Feeding the Hungry
Dr. Adeniyi Odugbemi ’17 is protecting global health through food safety and education
The moment he stepped onto the bottling plant floor, Dr. Adeniyi “Deni” Odugbemi ’17 knew he was destined for a future in the food safety industry. After just one month at PepsiCo, he moved from his quality control internship to a full-time laboratory analyst position, overseeing a group of interns and running analyses in the lab. He remembers thinking during his very first job, “This is what I’m called to do.”
By 2013, twelve years after that first internship, Odugbemi had worked in nearly all aspects of food safety—from operations to quality assurance. But in a world where the World Health Organization reports that more than 870 million people go to bed hungry each night, Odugbemi knew he needed to do more.
So he enrolled in Walden to earn his PhD in Public Health with an emphasis in food policy.
“I was looking for a program that provides academic rigor, credibility, and a program where the alumni are successful,” he recalls. “I discovered that Walden graduates are hired at leading corporations and many hold leadership positions.”
More importantly, though, Walden offered the unique opportunity to learn the skills he needed to “achieve something significant” and make a difference in the world. Now, with his Walden degree in hand, he is on a mission to address one of the biggest challenges the world faces today: food insecurity.
A Mission to Expand Food Safety
Odugbemi believes that to eradicate hunger, the world needs to accomplish three essential goals: reduce overall food waste, produce enough food to feed the growing population, and establish universal food safety principles.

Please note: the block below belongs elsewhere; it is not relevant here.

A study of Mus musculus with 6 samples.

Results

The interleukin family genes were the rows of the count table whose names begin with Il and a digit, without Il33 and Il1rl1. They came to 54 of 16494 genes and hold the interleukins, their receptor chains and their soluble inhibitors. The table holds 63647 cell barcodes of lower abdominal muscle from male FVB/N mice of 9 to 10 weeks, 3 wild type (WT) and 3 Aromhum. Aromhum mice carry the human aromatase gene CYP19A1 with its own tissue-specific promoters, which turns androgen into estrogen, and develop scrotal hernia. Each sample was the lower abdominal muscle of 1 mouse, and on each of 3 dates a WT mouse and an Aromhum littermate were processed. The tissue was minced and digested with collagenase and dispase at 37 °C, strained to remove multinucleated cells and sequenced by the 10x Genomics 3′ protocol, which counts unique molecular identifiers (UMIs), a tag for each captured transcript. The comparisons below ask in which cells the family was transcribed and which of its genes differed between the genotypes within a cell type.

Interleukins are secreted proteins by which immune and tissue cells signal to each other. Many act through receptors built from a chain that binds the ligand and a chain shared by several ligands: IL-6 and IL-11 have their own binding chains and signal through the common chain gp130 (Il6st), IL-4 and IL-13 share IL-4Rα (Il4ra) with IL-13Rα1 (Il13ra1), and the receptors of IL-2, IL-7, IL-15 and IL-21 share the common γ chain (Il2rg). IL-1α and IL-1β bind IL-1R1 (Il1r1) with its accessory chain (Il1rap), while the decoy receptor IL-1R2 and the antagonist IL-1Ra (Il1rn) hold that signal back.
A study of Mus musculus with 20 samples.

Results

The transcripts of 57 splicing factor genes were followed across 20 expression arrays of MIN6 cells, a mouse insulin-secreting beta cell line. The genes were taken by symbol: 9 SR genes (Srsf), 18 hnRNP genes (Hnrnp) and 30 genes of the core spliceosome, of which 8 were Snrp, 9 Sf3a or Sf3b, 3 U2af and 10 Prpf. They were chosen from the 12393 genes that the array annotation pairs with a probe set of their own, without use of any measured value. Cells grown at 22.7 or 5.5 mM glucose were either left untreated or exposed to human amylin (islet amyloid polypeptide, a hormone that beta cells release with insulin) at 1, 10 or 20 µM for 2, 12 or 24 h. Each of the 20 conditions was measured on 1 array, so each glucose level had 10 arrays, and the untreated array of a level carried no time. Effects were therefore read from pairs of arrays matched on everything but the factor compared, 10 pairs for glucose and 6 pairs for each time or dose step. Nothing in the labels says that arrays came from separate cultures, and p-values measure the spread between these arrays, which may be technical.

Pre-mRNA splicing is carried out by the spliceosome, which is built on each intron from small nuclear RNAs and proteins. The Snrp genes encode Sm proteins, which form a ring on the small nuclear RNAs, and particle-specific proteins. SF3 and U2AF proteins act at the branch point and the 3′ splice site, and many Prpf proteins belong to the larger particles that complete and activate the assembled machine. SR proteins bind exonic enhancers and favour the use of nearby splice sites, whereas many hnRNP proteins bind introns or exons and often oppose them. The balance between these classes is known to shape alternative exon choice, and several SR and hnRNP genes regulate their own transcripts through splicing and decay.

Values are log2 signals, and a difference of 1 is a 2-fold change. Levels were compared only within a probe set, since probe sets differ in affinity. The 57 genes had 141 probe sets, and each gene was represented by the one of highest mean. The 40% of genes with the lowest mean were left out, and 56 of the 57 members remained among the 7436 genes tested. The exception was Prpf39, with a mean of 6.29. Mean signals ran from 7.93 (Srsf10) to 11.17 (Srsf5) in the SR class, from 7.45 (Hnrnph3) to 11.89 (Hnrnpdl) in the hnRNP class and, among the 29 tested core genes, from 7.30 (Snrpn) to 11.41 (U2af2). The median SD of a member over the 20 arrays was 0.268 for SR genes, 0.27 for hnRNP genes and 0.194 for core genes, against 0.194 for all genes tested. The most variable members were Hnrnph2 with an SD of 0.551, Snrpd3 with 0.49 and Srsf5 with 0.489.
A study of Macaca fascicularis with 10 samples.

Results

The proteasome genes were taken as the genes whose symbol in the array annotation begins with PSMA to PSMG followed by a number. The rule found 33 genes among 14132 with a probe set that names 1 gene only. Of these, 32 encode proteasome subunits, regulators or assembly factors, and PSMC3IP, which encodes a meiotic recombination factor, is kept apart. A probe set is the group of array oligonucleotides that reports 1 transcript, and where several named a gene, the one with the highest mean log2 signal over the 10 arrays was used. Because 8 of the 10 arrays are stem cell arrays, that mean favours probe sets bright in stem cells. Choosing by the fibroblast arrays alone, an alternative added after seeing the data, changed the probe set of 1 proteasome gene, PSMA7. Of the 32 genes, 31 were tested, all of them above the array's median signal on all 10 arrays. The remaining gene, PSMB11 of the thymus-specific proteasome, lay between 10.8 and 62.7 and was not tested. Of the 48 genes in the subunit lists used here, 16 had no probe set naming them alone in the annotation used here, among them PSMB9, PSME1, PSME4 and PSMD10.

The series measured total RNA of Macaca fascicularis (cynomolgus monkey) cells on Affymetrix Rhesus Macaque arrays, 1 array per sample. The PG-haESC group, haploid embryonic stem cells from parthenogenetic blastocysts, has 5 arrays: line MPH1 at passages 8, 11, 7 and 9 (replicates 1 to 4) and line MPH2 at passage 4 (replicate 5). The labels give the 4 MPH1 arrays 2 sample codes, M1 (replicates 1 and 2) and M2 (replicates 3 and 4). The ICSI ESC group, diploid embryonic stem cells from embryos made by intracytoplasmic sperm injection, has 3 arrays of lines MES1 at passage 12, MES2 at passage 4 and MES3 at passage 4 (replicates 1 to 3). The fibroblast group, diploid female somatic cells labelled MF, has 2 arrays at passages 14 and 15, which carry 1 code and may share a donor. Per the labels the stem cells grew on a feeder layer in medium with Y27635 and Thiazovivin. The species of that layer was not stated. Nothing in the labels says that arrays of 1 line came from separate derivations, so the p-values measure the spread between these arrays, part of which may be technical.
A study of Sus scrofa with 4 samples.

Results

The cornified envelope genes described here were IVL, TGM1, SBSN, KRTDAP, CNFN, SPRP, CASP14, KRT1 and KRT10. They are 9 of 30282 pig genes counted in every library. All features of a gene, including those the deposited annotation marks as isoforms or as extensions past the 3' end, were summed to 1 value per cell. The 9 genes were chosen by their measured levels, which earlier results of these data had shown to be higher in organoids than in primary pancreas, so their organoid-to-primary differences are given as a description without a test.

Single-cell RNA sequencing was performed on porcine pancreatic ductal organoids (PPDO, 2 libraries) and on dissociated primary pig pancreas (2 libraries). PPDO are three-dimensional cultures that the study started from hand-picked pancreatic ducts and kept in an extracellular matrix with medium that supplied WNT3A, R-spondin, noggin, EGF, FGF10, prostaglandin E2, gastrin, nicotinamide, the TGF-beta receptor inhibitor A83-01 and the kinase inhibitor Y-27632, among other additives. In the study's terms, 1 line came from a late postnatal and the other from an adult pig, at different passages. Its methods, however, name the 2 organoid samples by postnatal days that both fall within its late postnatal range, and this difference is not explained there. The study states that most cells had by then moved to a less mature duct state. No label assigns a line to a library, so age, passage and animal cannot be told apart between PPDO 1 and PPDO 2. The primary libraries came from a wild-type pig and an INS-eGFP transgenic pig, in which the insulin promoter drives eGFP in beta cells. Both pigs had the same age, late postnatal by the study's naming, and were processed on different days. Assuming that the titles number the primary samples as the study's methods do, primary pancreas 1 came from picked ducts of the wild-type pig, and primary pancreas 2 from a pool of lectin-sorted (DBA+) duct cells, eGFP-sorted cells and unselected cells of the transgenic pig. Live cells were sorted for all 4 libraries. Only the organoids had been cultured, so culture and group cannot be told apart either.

Because access to safe food is such a basic human need, Odugbemi explains, it is the foundation for many other industries, with far-reaching consequences when food safety protocols fail. That’s why he has dedicated his career to spreading greater awareness of food safety, which he believes will help improve the global economy as well as overall public health.
“The U.S. Department of Agriculture estimates that foodborne illnesses cost more than $15.6 billion annually due to healthcare costs and decreased consumer confidence in food safety,” he says. “This negatively impacts buying patterns of consumers. Hence, in the spirit of maintaining the health and wellness of consumers, food safety becomes imperative.”
In his daily work, Odugbemi addresses industry challenges like foodborne illnesses, environmental contamination, new bacteria and antibiotic resistance, and changing consumer preferences. Now the global director of food safety at one of the largest food processing companies in the world, he oversees food product safety for approximately 450 crop procurement locations, 330 manufacturing facilities, 62 innovation centers, and the world’s premier crop transportation network—all across 40 countries.
“My goal is to unlock nature and enrich the lives of our customers,” he says. “We do that by ensuring that safe, quality, and nutritious food products are available for consumers globally.”
Increasing Awareness Across the Globe
In addition to his daily work, Odugbemi is expanding food safety education in the U.S. and abroad. After helping run a community workshop in his home country of Nigeria, he realized the need for education and resources.
“It was an eye-opener for me,” he recalls. “Getting into the class and teaching them, I discovered that food processing in the sub-Saharan is not as elaborate as one would think. They are getting things done, but they’re not always getting it done the right way.”
Since that first meeting, he has run 10 more trainings in Africa, giving members of the local food processing industry the knowledge and resources they need to better prioritize quality control.
While the coronavirus pandemic has had some impact on his global travel and educational trainings, Odugbemi says he has stayed resilient through tough circumstances by focusing on what he can control.
“My resiliency lies in following established practices, protocols, and activities that preserve my mental health,” he says. He continues to move forward, even through difficulty, by focusing on doing good. “I really enjoy what I do.”